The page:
03/09/2018 at 20:25 •
The nice thing about the original DigiPan hard- and software is that the image is displayed in realtime as it is exposed. This saves a lot of time, as you can see right at the beginning if an acquisition is over- or underexposed. With the current software setup, however, realtime processing isn't possible: Data needs to be captured first, and then the software decoder can be used for decoding.
I didn't like the sigrok decoder anyway, it was just a quick workaround to be able to somehow capture UART with 13bit. The proper way to do this is in hardware: Either with an actual CPU that supports 13bit framing, or, for more flexibility, a fpga. I had an iCE40 board laying around and the toolchain set up anyway, so I gave it a go. Using an existing UART-echo demo, it was a matter of few hours to modify the code for my application. As I would require an UART speed of 8Mbaud to transmit 13bit data with 4Mbaud as 2x 8 bit frames, I had to configure the internal PLL to get faster clocking. Also, setting the FTDI to a baudrate >2Mbaud isn't supported by the Linux driver, so you have to do this using some usb magic.
Both the verilog code and the python scripts for capturing and displaying are available here: https://github.com/NiklasFauth/iCE40-digipan-hardwaredecoder
Here is a video of the acquisition:
After playing around with pygame and stty for buffering data while received, I managed to get the same effect as using the original Windows 2000 software: The image is being displayed as the DigiPan is slided along the image:
02/26/2018 at 10:24 •
While for the test pattern only the 5V rail is required, for actual xray acquisition the DigiPan also needs +/- 15V. So the first step was to build a suitable power supply.
This laser-cutted box contains all what is necessary to operate the DigiPan:
- 2x 15V 1A switching mode power supplies
- 1x 5V 3A switching mode power supply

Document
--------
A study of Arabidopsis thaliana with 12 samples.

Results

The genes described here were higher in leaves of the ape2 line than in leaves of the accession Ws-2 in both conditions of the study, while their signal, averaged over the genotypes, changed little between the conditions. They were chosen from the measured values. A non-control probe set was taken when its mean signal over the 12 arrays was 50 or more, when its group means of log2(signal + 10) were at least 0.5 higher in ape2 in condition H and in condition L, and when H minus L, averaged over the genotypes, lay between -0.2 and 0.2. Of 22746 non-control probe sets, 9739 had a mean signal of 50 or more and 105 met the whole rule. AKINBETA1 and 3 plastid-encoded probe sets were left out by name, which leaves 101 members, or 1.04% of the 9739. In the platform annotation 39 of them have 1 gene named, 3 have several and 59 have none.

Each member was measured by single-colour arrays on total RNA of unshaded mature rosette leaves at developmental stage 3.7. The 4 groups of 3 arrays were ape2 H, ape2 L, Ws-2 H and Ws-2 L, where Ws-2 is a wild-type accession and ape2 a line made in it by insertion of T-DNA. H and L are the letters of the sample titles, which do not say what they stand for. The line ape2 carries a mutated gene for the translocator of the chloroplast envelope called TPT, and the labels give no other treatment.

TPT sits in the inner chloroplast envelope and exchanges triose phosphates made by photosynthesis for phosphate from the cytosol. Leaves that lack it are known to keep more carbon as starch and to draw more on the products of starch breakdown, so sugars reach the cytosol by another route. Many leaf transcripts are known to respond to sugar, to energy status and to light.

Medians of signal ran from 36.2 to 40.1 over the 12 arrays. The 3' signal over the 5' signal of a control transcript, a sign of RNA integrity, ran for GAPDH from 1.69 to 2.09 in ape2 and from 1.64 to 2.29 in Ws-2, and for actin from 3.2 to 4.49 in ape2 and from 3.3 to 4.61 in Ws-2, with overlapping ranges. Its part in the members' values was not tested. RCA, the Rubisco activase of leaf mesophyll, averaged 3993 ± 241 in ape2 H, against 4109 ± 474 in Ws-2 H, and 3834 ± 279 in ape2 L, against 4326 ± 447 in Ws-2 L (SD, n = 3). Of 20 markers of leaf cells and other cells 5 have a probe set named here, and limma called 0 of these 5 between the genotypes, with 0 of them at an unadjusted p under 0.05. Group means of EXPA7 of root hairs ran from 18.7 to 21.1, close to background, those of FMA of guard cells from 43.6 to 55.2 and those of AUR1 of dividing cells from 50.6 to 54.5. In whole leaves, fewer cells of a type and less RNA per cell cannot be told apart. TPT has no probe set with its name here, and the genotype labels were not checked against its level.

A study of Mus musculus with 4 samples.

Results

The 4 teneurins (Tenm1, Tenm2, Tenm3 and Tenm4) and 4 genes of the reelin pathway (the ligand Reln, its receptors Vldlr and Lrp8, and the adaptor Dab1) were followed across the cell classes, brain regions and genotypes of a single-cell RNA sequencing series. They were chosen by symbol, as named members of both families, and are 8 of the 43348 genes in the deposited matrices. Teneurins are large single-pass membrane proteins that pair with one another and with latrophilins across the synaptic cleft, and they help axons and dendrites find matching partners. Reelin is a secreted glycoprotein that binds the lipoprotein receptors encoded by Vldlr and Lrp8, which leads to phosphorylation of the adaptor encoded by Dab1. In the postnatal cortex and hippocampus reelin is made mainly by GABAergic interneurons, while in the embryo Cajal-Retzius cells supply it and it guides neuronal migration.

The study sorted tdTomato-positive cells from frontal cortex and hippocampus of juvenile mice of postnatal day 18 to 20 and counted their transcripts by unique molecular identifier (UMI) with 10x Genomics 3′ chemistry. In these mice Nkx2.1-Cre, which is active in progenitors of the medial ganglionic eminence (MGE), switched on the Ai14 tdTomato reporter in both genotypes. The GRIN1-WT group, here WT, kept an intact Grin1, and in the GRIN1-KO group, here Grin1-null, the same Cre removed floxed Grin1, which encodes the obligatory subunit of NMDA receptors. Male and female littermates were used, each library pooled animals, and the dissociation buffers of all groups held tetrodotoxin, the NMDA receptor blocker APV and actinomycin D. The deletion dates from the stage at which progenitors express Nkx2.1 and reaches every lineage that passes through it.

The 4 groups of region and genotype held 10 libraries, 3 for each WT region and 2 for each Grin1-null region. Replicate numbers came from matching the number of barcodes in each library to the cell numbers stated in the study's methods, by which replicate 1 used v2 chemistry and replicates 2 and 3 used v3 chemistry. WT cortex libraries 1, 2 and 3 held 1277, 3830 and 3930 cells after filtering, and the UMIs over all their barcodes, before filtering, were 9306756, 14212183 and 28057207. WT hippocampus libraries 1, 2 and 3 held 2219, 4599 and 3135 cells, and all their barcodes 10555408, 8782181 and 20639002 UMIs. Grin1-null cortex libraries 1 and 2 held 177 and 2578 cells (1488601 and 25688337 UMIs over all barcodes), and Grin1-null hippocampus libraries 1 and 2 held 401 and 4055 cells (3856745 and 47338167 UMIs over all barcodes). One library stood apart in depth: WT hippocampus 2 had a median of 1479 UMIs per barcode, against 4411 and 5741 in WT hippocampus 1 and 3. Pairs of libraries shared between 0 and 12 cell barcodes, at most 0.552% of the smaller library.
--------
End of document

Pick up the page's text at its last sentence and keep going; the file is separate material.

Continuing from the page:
- 1x Saleae Logic 8 clone from AliExpress for 3$
- 1x ISO1176 RS485 isolator to isolate the DigiPan ground from the USB & logic ground
The output of the ISO1176 is connected to one of the logic analyzer inputs. Also the 5V DigiPan power is connected to one input. This is not necessary however it allows to trigger sampling on rising edge of this power rail and thus to the test image sent out at power up, which makes testing way easier.
To slide the DigiPan during exposure we used a linear guide with a built in brushed motor. Speed control by controlling the motors voltage was sufficient at this point. Here is a video of the setup used to capture the first images:
The xray device used for this is a modern handheld fluoroscope used for sports medicine. Output power is 40W at 20-80keV with a very narrow, well focused beam. You can recognize the spot size in the taken images:
The picture height represents the full sensor resolution of 1244 pixel. This is the xray of a BeagleBone Green. Two thinks you might notice:
The black horizontal line in the middle:
The DigiPan operates standalone, there is no way to start an exposure electrically. Also movement of the panel is a requirement of acquisition, but doesn't start one. The way this sensor triggers is that few pixels in the middle of the CCD are covered from the scintillator. If light level around these pixels rises, the sensor is exposed to xrays and image acquisition is triggered.
The round spot:
As said before, the xray beam is very narrow. It is focused in a way no radiation sidepasses the original detector with 50mm diameter. This, combined with some lag caused by the detection of xray to trigger the acquisition, causes this weird, round shape with one side slightly cut of.